May 13, 2014 3:57 pm

Courtney Love, Shepherd’s Bush Empire, London – review

Rock’s most infamous widow returned with a typically unbalanced performance
LONDON, ENGLAND - MAY 11: Courtney Love performs live on stage at Shepherds Bush Empire on May 11, 2014 in London, United Kingdom. (Photo by Samir Hussein/Redferns via Getty Images)

Courtney Love at the Shepherd's Bush Empire, London. Photo: Samir Hussein/Redferns/Getty

The house lights went down, Ravel’s Bolero struck up and blue spotlights began swivelling around. A cheer went up when the music quietened and a figure emerged on stage. But it was a roadie fiddling with the microphone. Bolero began again. The blue beams resumed their swivelling. This time they had an anxious tinge, as though searching for the evening’s main attraction. Where was Courtney Love?

Happily the next figure to materialise at the microphone stand was her. She looked a little unsteady and was sucking at a metal cylinder that she called her “pipe” – a term evoking a whole pharmacopeia of Lovean bad habits – but which actually appeared to be an e-cigarette. The former drug fiend has supposedly cleaned up her act. At once ferociously ambitious and awesomely undisciplined, a star who puts the “erratic” into “careerist”, Courtney is on the comeback trail.

She opened the second of two nights at the Shepherd’s Bush Empire with a new song “Wedding Day”, backed by four anonymous blokes on guitars and drums. Basic riffs embroidered a gothic tale of matrimony gone wrong, a calling-card from rock’s most infamous widow. Not even Yoko Ono has been subjected to the abuse that Love has faced following Kurt Cobain’s death 20 years ago. When she roared “Get out of my bed!” and “No-o-o-o!”, her voice seemed to make the entire building quake. It was a remarkable sound – a gale roiling with pride, desire, anger, hard-living and attention-seeking.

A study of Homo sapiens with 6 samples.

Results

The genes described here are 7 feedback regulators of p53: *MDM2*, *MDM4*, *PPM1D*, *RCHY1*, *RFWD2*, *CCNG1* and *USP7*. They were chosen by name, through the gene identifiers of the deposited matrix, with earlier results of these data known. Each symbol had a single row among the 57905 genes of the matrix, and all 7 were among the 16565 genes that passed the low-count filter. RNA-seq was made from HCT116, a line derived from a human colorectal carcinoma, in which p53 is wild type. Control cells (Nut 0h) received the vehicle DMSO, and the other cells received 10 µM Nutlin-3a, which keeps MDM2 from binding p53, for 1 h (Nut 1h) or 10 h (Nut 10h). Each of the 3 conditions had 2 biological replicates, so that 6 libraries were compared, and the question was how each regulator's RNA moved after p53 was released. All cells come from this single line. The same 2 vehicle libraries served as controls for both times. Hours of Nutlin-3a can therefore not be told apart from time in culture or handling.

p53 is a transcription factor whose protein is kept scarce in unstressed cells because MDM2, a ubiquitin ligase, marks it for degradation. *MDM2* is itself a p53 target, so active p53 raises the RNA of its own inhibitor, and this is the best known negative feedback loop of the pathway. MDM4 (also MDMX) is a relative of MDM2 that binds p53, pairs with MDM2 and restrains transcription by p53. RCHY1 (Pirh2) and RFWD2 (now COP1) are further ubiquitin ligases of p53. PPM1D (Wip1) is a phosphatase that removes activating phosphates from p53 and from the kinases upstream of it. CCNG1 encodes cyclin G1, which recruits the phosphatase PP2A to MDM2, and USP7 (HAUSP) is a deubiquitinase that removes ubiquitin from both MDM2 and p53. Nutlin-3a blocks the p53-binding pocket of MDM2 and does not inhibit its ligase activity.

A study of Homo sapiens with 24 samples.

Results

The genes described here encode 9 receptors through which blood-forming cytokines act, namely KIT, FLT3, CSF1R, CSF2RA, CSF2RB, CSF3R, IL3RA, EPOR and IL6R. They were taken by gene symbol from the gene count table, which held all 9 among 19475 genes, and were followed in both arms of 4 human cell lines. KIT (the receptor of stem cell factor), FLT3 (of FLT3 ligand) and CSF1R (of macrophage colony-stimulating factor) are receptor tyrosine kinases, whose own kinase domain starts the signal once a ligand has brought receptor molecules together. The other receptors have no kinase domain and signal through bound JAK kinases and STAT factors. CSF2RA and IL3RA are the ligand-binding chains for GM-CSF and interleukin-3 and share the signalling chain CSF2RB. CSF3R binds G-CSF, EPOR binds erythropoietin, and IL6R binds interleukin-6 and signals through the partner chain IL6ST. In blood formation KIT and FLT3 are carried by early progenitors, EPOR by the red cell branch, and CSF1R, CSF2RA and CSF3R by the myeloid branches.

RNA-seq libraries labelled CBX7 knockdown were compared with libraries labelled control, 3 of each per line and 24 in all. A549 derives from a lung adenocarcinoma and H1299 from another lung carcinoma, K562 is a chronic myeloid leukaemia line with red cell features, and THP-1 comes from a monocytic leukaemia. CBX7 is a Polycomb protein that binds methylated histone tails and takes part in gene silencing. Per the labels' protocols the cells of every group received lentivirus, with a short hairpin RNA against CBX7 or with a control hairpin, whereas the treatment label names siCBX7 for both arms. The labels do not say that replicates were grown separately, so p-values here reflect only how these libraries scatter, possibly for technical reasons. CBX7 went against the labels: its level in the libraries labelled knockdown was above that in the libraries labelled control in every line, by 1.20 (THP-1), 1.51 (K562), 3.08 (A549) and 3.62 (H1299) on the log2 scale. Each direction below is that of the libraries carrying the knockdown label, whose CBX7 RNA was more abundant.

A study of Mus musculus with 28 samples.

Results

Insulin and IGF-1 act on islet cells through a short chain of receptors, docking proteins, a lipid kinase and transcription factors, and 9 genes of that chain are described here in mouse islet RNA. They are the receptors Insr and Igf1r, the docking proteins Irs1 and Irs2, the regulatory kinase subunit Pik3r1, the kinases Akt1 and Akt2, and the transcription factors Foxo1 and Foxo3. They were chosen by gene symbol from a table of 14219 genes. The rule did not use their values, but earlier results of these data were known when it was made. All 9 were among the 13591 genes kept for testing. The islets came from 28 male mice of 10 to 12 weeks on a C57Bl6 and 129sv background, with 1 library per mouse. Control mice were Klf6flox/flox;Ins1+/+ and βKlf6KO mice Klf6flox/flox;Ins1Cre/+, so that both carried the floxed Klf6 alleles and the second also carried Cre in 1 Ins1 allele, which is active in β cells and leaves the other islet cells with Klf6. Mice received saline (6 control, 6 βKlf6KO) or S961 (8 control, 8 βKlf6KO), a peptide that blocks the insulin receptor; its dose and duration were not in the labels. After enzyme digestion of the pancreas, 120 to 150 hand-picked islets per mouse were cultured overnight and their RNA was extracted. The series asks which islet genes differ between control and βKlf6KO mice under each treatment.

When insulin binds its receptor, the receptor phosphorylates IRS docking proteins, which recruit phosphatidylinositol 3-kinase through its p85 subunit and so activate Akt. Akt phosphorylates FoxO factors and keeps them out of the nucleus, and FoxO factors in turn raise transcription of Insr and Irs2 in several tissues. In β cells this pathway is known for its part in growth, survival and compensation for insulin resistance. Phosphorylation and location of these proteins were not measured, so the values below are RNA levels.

Tonight’s set drew mainly on songs by her old band Hole, who briefly rivalled Nirvana for popularity. We were a step away from the grunge heritage circuit. As usual Love shed her outfit – “Chinese runaway bride”, apparently – to perform in dishevelled black undergarments. The roar was deployed regularly, a unique selling point that lost some of its uniqueness with each iteration. Self-mythologising lyrics (“I am the girl you know, I lie, I lie and lie”) were delivered from a wobbly position on top of the monitor at the front of the stage. There was entertainingly random between-song chat, including an impersonation of a music hall chorus girl: “I’ve got a luvv-erly pair of coconuts!”

“I’m feeling a bit vulnerable,” she declared at one point, sucking on her e-cigarette. A bout of primal screaming sorted that out; then she was off into another new song, “You Know My Name”, fast and assertive punk rock. The pace lifted further with Hole classics “Violet” and “Celebrity Skin”. Then came the predictable crash, a dire passage of acoustic songs including a tuneless version of Hole’s “Northern Star”, the singer casting red roses into the audience and groaning the lyrics like a tone-deaf Ophelia. As the bard once said, the course of Love never did run smooth.